Posted by Janet Day
The presenter, Mike Vialpando, represented Longmont Power and Communication (LPC). He is the manager of AMI (Advanced Metering Infrastructure Services)
Mike began by showing the group the electric mechanical meters currently used in Longmont that are read each month by a meter reader sent to the site.  He then showed the new smart meter that will be used as part of the advanced metering system rollout in Longmont.
Advanced metering infrastructure (AMI) captures the energy use of a residence or business more accurately than traditional meters. Instead of being read once per month by a meter reader, an AMI system meter reads itself for a few seconds every hour. The data allows for greater energy efficiency, a faster response to outages, better planning, and becoming a more sustainable community. The smart meter used in the AMI system allows for 2-way communication between the meter and LPC.  The meters themselves become part of a mesh network so the meters can talk to the meter next to it or to the gateway of which there are 13 connected by fiber and back to the LPC office.
An advantage of the AMI system is the meters report any power outage within seconds enabling LPC to begin restoring service more quickly. Also, with the AMI system the power service can be connected and disconnected remotely. Some applications of AMI beyond metering include DA or the ability to route power distribution around a problem; smart street lights; a web portal that will allow customers to look at their usage hour by hour; and prepaid metering.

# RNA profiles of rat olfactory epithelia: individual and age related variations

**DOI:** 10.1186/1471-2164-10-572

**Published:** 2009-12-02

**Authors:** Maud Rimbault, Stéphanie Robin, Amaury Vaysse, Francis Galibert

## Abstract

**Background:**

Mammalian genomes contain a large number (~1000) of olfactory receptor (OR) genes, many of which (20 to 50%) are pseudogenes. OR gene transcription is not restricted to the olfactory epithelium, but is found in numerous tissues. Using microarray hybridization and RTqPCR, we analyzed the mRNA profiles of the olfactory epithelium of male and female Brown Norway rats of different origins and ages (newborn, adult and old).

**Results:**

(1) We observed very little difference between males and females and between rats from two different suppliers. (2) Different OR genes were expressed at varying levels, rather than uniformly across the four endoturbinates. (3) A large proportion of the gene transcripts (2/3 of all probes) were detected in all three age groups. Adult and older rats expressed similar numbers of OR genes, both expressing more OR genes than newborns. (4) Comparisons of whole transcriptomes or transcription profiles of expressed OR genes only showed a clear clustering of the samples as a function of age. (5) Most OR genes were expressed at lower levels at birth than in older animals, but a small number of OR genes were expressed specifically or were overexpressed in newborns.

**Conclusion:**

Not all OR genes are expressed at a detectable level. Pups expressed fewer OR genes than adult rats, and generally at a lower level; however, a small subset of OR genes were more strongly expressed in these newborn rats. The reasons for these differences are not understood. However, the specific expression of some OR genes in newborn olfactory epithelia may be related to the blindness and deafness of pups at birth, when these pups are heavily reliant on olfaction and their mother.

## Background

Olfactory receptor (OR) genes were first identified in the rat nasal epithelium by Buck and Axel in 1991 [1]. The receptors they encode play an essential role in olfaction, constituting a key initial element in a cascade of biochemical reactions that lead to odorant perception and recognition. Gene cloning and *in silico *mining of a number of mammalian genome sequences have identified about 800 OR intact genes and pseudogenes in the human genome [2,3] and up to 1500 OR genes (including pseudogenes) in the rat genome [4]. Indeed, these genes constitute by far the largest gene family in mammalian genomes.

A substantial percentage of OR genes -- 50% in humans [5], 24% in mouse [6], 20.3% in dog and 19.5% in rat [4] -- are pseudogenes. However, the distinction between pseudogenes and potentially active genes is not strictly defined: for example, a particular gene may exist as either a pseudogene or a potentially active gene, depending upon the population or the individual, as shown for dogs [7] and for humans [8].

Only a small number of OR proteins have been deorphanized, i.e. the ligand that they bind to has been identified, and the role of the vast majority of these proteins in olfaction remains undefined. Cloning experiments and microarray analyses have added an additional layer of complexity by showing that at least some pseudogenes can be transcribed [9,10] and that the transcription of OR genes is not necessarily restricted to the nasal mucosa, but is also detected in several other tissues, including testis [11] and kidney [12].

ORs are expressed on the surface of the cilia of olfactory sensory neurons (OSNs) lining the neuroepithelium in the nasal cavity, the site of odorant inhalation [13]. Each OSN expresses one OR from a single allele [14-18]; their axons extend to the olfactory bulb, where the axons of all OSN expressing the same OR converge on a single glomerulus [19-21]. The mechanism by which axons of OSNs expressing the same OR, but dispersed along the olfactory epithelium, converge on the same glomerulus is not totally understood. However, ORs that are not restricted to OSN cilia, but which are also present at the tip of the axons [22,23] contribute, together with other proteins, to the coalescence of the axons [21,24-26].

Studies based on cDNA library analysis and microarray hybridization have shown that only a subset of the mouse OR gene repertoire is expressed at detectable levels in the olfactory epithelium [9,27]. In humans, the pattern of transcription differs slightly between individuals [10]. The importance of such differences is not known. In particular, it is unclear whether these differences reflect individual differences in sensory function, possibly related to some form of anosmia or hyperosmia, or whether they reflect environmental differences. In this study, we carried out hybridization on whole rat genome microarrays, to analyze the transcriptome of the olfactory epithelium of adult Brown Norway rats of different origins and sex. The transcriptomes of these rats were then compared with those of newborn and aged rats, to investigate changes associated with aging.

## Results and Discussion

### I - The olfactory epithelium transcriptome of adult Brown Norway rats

LPC serves all of the City of Longmont and surrounding areas all the way to Lyons but not including the City of Lyons. Currently there are approximately 46,000 meters in the area served by LPC.  The initial deployment of the program will be a pilot program to include residential, commercial, and industrial customers to begin late in Q2 of 2022 with the replacement of 500-600 meters. The City of Longmont has a contract with Landis+Gyr to help the city deploy the meters. Following the pilot, starting in 2023 a contractor will be hired to replace the remaining 45,000+ meters.
Following Mike’s presentation, there was a very active question and answer period including discussion of what the opposition to the plan has been, concerns about black outs, and the advantages of Longmont owning its street lights, fiber, and infrastructure.  Customers will have the option to opt-out but will have an additional opt-out fee and a monthly fee to have their meters read. How much do the meters cost and who pays for them? Each meter costs about $135. Rate adjustments were made 2 or 3 years ago in anticipation of the cost of replacing the meters and no tax dollars are being used to pay for the system.